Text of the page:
Floods in Afar Leave 144, 000 Homeless, Damages Properties worth 5bln Br

  • UN renews call for on the need to fight Desert Locust Invasion

ADDIS ABEBA – Afar region has announced the unprecedented flood caused by the overflow of Awash River has left 144, 000 homeless and caused the destruction of properties worth over 5 billion Birr.

The number of displaced people has almost tripled from what it was in the middle of the current rainy season.

A total of 240,000 persons have been affected by the flood in the northeastern state of Ethiopia, according to Mohammed Hussein, the Region’s Disaster Prevention Bureau Head.

He told the Ethiopian news agency that the regional state needs 350 million Birr to provide relief aid and rehabilitate the displaced persons.

The overflow of Kesem, Tendaho, and Koka dams on Awash River were the cause of the displacement of more than 144,000 citizens.

Besides, crops on 41,000 hectares of land, and 18,000 hectares readied for planting were damaged by the flood along with 105 schools, 200 rural roads, 6 bridges.

It has also become the cause of 21,000 livestock death.

“Even if the regional and federal governments, as well as different organizations, have been supporting the displaced persons surrounded by water, the assistance provided is still insufficient,” Mohammed said.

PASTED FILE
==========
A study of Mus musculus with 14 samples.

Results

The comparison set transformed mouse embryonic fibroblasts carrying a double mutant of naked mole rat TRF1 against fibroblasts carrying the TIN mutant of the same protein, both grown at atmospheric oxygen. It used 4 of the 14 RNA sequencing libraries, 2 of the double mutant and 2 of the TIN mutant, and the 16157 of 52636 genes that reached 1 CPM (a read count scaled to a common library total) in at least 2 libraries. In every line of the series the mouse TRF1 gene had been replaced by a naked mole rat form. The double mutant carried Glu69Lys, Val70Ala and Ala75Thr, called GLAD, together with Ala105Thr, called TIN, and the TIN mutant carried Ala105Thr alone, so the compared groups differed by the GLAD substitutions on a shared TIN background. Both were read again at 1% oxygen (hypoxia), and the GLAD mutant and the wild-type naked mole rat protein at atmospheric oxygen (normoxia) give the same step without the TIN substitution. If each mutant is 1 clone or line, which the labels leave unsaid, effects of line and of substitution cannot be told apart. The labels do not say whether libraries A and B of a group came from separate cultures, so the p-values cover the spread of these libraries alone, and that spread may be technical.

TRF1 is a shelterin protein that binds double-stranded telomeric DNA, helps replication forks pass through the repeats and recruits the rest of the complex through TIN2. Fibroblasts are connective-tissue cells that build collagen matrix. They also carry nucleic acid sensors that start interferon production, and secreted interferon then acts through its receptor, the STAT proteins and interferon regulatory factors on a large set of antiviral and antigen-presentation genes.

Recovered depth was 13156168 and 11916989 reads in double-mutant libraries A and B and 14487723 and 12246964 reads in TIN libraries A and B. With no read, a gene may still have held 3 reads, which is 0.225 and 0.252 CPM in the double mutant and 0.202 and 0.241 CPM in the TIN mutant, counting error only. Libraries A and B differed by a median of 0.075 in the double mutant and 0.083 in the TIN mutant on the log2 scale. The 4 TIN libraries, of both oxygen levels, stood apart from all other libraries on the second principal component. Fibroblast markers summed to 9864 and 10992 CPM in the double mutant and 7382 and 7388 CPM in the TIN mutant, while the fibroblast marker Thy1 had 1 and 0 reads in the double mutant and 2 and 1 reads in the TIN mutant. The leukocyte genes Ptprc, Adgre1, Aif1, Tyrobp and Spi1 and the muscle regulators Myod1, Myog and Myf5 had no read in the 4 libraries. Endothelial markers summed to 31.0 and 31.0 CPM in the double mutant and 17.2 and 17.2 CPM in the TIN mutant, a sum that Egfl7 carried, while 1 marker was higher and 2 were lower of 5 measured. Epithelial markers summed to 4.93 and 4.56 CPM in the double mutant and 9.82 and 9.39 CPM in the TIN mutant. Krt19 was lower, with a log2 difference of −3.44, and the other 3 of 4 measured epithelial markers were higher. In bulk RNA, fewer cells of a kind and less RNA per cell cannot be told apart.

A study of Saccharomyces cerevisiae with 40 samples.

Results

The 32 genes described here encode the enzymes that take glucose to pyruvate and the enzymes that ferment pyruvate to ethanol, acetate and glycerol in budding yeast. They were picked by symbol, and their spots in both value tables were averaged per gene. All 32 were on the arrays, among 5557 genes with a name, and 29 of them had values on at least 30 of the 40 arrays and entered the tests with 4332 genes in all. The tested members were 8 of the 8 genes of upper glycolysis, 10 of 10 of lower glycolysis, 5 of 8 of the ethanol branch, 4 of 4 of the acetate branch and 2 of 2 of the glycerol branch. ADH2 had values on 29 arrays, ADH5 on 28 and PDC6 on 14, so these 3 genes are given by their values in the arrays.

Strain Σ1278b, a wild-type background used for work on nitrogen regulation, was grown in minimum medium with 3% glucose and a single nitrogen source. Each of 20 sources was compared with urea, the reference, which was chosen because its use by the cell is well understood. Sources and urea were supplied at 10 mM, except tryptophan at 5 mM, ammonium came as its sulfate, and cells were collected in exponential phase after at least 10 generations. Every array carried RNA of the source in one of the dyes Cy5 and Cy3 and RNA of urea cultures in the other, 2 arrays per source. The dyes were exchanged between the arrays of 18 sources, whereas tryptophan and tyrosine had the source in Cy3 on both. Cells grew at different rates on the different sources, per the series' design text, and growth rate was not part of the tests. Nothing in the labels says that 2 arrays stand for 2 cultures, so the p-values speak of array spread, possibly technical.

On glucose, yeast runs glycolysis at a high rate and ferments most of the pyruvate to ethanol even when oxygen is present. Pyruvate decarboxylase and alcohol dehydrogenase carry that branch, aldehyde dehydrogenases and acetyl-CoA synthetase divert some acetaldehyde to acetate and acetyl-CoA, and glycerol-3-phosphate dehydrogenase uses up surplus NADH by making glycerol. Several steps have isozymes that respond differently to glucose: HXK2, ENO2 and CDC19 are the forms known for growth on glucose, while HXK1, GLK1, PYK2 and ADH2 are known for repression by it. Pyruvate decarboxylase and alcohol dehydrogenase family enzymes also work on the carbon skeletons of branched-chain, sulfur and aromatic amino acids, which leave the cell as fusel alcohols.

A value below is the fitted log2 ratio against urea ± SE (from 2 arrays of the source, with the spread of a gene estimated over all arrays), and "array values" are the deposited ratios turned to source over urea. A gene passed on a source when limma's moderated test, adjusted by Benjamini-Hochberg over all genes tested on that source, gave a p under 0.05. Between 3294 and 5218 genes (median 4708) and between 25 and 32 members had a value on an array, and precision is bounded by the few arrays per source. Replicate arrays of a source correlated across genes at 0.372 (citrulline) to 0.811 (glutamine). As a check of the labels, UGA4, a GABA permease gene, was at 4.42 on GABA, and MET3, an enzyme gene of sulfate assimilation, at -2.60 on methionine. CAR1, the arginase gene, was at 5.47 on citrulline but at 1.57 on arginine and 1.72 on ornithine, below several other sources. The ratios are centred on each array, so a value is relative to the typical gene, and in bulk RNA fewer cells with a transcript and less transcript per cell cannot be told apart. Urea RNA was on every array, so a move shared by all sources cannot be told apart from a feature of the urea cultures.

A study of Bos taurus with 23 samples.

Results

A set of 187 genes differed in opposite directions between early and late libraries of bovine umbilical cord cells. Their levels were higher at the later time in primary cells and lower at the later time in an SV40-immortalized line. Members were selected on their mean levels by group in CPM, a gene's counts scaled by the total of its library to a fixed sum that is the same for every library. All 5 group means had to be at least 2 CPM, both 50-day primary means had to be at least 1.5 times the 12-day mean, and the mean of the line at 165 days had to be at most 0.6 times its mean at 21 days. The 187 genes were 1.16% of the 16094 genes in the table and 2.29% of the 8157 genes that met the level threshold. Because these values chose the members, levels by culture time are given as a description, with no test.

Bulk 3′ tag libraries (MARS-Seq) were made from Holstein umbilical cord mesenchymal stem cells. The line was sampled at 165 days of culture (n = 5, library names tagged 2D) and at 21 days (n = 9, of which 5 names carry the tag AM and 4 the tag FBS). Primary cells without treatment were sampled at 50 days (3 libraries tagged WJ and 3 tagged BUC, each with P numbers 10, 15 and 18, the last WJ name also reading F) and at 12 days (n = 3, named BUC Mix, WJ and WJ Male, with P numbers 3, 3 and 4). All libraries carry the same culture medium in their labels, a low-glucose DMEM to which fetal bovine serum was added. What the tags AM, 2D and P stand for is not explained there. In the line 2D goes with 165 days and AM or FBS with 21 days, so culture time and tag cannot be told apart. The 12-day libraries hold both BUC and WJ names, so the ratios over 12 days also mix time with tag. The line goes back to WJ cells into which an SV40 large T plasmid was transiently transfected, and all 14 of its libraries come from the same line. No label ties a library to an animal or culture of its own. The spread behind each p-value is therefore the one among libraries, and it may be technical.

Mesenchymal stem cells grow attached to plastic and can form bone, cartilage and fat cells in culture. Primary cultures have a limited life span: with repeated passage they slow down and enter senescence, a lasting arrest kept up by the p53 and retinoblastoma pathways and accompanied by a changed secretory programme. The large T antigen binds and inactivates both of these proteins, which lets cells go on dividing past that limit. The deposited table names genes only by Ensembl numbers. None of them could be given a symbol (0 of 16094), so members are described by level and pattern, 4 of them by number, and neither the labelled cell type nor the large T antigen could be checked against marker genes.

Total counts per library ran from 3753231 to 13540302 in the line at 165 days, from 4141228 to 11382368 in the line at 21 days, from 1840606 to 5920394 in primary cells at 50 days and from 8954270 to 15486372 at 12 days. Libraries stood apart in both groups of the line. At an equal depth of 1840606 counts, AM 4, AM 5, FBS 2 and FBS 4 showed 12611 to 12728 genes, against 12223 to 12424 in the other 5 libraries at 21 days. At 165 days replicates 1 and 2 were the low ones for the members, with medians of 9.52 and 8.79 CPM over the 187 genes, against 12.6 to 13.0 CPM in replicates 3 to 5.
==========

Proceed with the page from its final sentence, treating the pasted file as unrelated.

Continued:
The current situation has been exasperated by various other factors including the desert locust invasion.

– Locust threat –

Afar region is now the epicenter of the locust invasion and is experiencing active hopper band formation, according to UN’s Food and Agriculture agency or FAO.

Top government and UN officials, including Minister of Agriculture Oumer Hussein, were in field mission to the region last week to assess the Desert Locust situation and ongoing survey and control operations.

After the visit, they stressed on the need to scale up Desert Locust operations in the Region, indicates FAO’s statement provided to The Monitor.

“What we have been told and what we see on the ground is different. I realize that the problem is very serious. If we do not target the locusts now, I think we will face a bigger challenge in the neighboring regions,” the Minister said.

The Ministry of Agriculture, with the FAO support, is increasing control operations in the Region, to control the hopper bands as well as incoming swarms from Yemen.

Recently, FAO repositioned two leased aircraft and one helicopter to Afar and another helicopter to Somali (Jigjiga) regions, to intensify survey and control operations.

“We discussed with the Desert Locust experts and the community and identified the challenges and gaps in the operations. We will work together with the Ministry of Agriculture to address them,” said Fatouma, FAO’s Representative to Ethiopia.

Apart from locust control operations and other supports, the organization is expected to launch a cash transfer program in the region next month.